Chances are, your computer keyboard is filthy, the keys a magnet for the dirt and oil on your fingertips, the crumbs from that afternoon snack you had at your desk, the gunk that floats through the air, whatever. Moreover, all of those little nooks and crannies are the perfect hiding place for dirt and grit. Given how dirty our hands and fingers can get during the course of an average day, it's no surprise that researchers say computer keyboards can be a haven for bacteria.
One way NOT to clean your keyboard is to grab a disinfecting wipe, saturated with cleaning fluid, and scrub the keys. You'll get those keys clean, but the excess fluid will drip into the keyboard's electronics and likely short out some or all the connections. We know that from firsthand experience.
So, how do you clean your computer keyboard the right -- and wrong -- way? Read on...
Put the keyboard in the dishwasher?
Do a web search for computer keyboard cleaning tips, and odds are you'll come across an article that recommends putting your keyboard in the dishwasher. Writers at CNET, BoingBoing.net, The Washington Post and National Public Radio have all tried this with success, which would seem to indicate that this works -- if done properly. But when we tried to do this a few years ago, the results were... well, let's just say we ended up buying a new keyboard. If you're willing to risk a $50 keyboard, go right ahead. If not, we'd recommend against this method.
What about USB keyboard vacuums?
If you've ever spent time lurking in the checkout aisle of an electronics store, you may have seen USB-powered keyboard vacuums, which resemble hair clippers. These gizmos are designed to plug into your computer's USB port and suction the dirt from between your keys; many of them come with brush and crevice tools. Although they seem like a good idea, the few user reviews we could find on Amazon were almost uniformly bad, with most owners complaining that the USB vacs were woefully underpowered.
ConsumerSearch received a USB vacuum as a stocking stuffer last Christmas, and in our experience, it was a piece of junk. The brush attachment was nice for plucking out bits of debris from between the keys, but canned air does just as good a job, if not better. Our recommendation: Save your money.
Is that Silly Putty? No, it's Cyber Clean
One of the more unusual products we've found for cleaning a computer keyboard is a substance called Cyber Clean. This stuff has the consistency of tacky Silly Putty and is the color of radioactive lemons (reviewers at Engadget.com describe it as looking like "an alien threw up in a bag."). It's available in tubs, cups and single-use packets. To use it, simply press it down on your keys, making sure it gets in the nooks and crannies, then pull it up. The tacky substance is supposed to pull away dirt and grit, leaving your keyboard clean and smelling fresh, according to the informercial.
The guys at Engadget were less than impressed with Cyber Clean in their irreverent video review, saying that it did little more than make an impression of their laptop's keys. However, they didn't try it on a desktop PC's keyboard (which is more likely to have deep nooks and crannies). Engadget also took issue with the "fresh" aroma that Cyber Clean has, saying it smelled too strong.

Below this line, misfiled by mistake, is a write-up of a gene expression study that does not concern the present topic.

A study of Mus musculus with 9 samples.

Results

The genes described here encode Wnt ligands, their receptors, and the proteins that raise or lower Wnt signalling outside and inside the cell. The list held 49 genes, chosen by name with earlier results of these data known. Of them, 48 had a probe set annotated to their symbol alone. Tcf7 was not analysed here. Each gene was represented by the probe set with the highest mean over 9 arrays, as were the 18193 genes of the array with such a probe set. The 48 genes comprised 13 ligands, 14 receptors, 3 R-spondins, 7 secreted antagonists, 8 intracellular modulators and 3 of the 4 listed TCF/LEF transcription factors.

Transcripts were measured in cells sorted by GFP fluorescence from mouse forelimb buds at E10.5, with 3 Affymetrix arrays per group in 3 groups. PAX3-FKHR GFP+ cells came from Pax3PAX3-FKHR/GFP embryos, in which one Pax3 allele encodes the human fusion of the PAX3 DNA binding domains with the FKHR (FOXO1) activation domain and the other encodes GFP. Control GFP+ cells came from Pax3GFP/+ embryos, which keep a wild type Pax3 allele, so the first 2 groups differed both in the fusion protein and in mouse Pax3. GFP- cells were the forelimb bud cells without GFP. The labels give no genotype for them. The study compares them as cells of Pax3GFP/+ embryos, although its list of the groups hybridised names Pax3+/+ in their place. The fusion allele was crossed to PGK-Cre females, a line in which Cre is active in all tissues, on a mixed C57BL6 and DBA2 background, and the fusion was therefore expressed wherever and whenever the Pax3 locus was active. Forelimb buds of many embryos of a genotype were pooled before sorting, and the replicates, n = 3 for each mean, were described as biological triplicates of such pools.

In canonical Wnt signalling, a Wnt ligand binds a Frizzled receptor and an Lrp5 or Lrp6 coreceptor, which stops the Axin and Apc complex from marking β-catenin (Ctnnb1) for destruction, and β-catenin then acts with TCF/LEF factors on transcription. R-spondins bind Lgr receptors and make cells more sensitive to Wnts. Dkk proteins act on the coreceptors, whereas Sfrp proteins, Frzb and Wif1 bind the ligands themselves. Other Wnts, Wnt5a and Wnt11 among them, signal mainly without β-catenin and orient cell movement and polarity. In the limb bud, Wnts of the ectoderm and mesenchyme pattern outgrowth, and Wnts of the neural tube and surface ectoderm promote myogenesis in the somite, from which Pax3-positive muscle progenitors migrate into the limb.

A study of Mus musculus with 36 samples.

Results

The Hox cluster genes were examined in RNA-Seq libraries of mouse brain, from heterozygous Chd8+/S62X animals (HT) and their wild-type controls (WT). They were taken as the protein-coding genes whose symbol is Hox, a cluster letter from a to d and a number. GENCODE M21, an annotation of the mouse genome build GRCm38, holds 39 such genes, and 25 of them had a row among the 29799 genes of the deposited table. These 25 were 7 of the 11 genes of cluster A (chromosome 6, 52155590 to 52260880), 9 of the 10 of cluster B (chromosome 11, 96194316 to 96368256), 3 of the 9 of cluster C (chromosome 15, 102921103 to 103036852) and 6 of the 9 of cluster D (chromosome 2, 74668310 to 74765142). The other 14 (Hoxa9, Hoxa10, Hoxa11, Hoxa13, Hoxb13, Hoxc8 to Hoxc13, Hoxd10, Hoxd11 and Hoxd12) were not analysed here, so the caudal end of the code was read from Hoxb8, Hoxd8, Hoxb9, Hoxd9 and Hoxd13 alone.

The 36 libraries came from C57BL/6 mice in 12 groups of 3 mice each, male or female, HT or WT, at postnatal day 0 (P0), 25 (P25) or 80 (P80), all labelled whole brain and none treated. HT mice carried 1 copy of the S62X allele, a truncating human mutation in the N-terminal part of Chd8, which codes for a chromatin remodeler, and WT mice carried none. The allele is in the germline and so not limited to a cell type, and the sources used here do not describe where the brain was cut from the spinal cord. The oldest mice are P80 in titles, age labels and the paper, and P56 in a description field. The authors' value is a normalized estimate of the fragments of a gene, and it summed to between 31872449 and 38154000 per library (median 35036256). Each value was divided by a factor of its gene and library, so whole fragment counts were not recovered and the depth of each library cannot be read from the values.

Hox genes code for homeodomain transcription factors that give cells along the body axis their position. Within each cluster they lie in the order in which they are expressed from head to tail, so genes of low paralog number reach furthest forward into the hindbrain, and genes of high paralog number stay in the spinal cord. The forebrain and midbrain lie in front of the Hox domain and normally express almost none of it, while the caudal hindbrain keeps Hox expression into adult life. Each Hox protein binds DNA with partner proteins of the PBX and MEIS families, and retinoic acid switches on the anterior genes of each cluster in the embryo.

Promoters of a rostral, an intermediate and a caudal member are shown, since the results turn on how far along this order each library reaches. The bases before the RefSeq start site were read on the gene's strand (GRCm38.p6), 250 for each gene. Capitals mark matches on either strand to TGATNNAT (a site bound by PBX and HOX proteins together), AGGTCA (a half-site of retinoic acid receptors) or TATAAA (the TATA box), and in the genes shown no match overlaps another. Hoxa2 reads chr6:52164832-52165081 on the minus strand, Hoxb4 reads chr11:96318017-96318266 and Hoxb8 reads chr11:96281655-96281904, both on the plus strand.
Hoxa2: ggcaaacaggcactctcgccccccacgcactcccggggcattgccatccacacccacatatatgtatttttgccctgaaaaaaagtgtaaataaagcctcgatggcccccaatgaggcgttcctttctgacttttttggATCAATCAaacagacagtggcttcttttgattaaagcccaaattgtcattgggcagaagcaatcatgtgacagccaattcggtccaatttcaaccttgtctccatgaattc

Reviewers at ComputerShopper.com went a step farther, testing Cyber Clean on a desktop PC keyboard, a laptop keyboard and a BlackBerry. While Cyber Clean did pick up some larger particles from the keyboard, editors say, it didn't remove dirt any better than if they'd wiped down their keys with a paper towel. As they conclude, "It's more of a novelty item than a truly useful cleaning product. At least it's fun to squish."
We also found a review at Consumer magazine, New Zealand's answer to Consumer Reports. They, too, reported mediocre results with Cyber Clean. Users posting comments at Amazon.com aren't much more enthused; just over a dozen users give it a middling score. Bottom line: Cyber Clean's tacky consistency will grab some bigger particles, but you will still need to wipe down your keys to get them truly clean.
Clean your keyboard the old-fashioned way
If your keyboard is lightly soiled -- a little dirt on the space bar and return key, for instance, or some dust or grit in between the keys -- cleaning is a relatively simple task, experts say. You'll need some canned air, a clean cloth or handful of cotton swabs, and a mild solvent such as 90 percent isopropyl rubbing alcohol or a drop of dish soap diluted in water. If your keyboard is particularly dirty, you may also need a screwdriver to pry the keys off so you can clean them individually. A hand vac with a dust brush attachment can be useful, too, especially for sucking up the grit you loosen.
Once you've got your cleaning gear together, check out PCMag.com's excellent step-by-step guide to take you through the whole process. Mind you, this can be time-consuming (especially if your keyboard is very dirty) but nothing is likely to get it tidier than a careful cleaning.
Skip the USB vacs, the dishwasher and the Cyber Clean. Take some time to clean your computer keyboard the right way, following PCMag's instructions. You'll be assured that your keys are free of dirt and germs, and you won't risk ruining your equipment.